Thu, 26 Feb 2009 14:20:00 EST

CTG, University at Albany, and China National School of Administration Collaborate on Award Winning Paper for the 2009 Hawaii International Conference on System Sciences

HICSS one of the oldest and most influential system sciences conferences, is a forum for the exchange of ideas among research and development communities from around the world. Since 2001, CTG has played an active leadership role in integrating E-Government within the overall research agenda at HICSS. E-Government, which began as a single minitrack at HICSS in 2001, is now a major conference track with eight separate minitracks.

At this year’s conference, HICSS-42, CTG deputy director Theresa Pardo and public administration doctoral student and CTG graduate assistant, Lei Zheng, were present to accept the Best Paper Award in the E-Government Track. The paper, Understanding the “Boundary” in Information Sharing and Integration, was also co-authored by Tung-Mou Yang, a graduate student from the College of Computing and Information, University at Albany, and Yuanfu Jiang, director of the E-Government Research Center, China National School of Administration.

CTG staff were also involved in three additional papers presented at the conference:
  • Information Sharing at National Borders: Extending the Utility of Border Theory, Theresa Pardo, Celene A. Navarrete, Claremont Graduate University, Sehl Mellouli, Laval University, and J. Ramon Gil Garcia, CTG research fellow.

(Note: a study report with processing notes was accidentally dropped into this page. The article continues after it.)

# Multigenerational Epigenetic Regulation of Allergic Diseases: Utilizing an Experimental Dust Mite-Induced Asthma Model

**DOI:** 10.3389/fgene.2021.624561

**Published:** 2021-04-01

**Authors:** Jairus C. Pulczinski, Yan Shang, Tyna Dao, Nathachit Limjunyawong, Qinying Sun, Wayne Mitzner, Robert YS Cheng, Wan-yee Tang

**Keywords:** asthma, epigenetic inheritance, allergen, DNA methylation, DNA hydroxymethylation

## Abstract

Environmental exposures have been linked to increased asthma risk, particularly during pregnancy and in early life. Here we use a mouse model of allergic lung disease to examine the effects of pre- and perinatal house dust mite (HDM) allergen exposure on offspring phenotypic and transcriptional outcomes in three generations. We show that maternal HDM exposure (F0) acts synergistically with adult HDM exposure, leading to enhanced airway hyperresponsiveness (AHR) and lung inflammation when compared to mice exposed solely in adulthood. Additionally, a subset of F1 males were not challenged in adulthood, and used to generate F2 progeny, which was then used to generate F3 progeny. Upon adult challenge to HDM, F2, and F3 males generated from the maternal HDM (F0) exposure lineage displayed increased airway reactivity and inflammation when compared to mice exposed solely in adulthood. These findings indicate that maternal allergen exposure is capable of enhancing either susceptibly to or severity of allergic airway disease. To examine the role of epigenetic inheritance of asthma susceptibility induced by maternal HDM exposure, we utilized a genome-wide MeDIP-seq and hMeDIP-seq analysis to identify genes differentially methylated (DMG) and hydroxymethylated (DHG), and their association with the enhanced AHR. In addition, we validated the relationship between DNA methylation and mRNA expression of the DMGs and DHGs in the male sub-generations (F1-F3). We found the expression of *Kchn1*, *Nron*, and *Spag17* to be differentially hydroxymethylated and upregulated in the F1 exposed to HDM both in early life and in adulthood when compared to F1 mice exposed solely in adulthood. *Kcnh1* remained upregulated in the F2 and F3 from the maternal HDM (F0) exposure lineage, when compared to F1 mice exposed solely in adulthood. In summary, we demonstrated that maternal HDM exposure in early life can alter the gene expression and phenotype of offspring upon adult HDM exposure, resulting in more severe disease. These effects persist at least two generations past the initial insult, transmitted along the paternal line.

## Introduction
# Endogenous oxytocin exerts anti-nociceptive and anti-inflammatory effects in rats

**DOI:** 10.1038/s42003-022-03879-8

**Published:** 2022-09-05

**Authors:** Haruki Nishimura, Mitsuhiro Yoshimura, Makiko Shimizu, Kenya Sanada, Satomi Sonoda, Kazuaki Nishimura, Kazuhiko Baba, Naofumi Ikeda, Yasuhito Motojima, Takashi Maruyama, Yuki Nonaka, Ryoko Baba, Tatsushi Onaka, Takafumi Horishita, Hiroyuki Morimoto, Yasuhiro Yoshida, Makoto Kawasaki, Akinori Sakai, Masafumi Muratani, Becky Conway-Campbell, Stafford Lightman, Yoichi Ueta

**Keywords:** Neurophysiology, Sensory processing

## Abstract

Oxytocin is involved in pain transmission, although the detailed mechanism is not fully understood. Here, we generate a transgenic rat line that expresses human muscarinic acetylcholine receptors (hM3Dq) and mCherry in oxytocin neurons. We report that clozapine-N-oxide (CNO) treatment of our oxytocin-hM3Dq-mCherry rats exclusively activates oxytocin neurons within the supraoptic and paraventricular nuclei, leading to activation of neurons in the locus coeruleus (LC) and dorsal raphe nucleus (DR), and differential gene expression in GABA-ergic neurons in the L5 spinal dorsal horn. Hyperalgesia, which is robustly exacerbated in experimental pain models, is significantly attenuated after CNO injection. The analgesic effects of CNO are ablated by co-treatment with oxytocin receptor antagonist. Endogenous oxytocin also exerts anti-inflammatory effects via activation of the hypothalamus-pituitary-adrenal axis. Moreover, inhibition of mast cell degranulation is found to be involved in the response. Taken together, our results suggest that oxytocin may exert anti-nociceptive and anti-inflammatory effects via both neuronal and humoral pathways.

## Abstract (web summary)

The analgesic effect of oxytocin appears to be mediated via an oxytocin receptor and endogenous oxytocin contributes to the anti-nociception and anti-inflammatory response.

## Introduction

• Conducting Web-Based Surveys of Government Practitioners in Social Sciences: Practical Lessons for E-Government Researchers, J. Ramon Gil-Garcia, Sara Berg, former CTG graduate assistant, Theresa Pardo, G. Brian Burke, CTG senior program associate, and Ahmet Guler, CTG graduate assistant.
  • Longitudinal Analysis of the Effects of IT Characteristics on Web Site Ratings Across State Governments in the US (2001-2006), Gabriel Puron Cid, Rockefeller College of Public Affairs and Policy, J. Ramon Gil-Garcia, and Theresa Pardo.
As in past years, CTG played a role in organizing the E-Government Track at HICSS. This year, Theresa Pardo served as one of the co-chairs of the Emerging Trends in E-Government minitrack with Karine Barzilai-Nahon (Center for Information and Society, The Information School, University of Washington), Lawrence E. Brandt (U.S. National Science Foundation), and Bjoern Niehaves (European Research Center for Information Systems). The Emerging Trends minitrack provides a venue for researchers to explore new trends in the direction and practice of E-Government.

Theresa was also involved in the organization of the afternoon portion of the Global Electronic Government Research and Practice Symposium at the conference, which was devoted to a discussion titled Identifying Grand Challenges of Transformative Research on Information Technology. The other co-organizers of the afternoon session were Jochen Scholl of the Information School at the University of Washington and Jing Zhang of Clark University.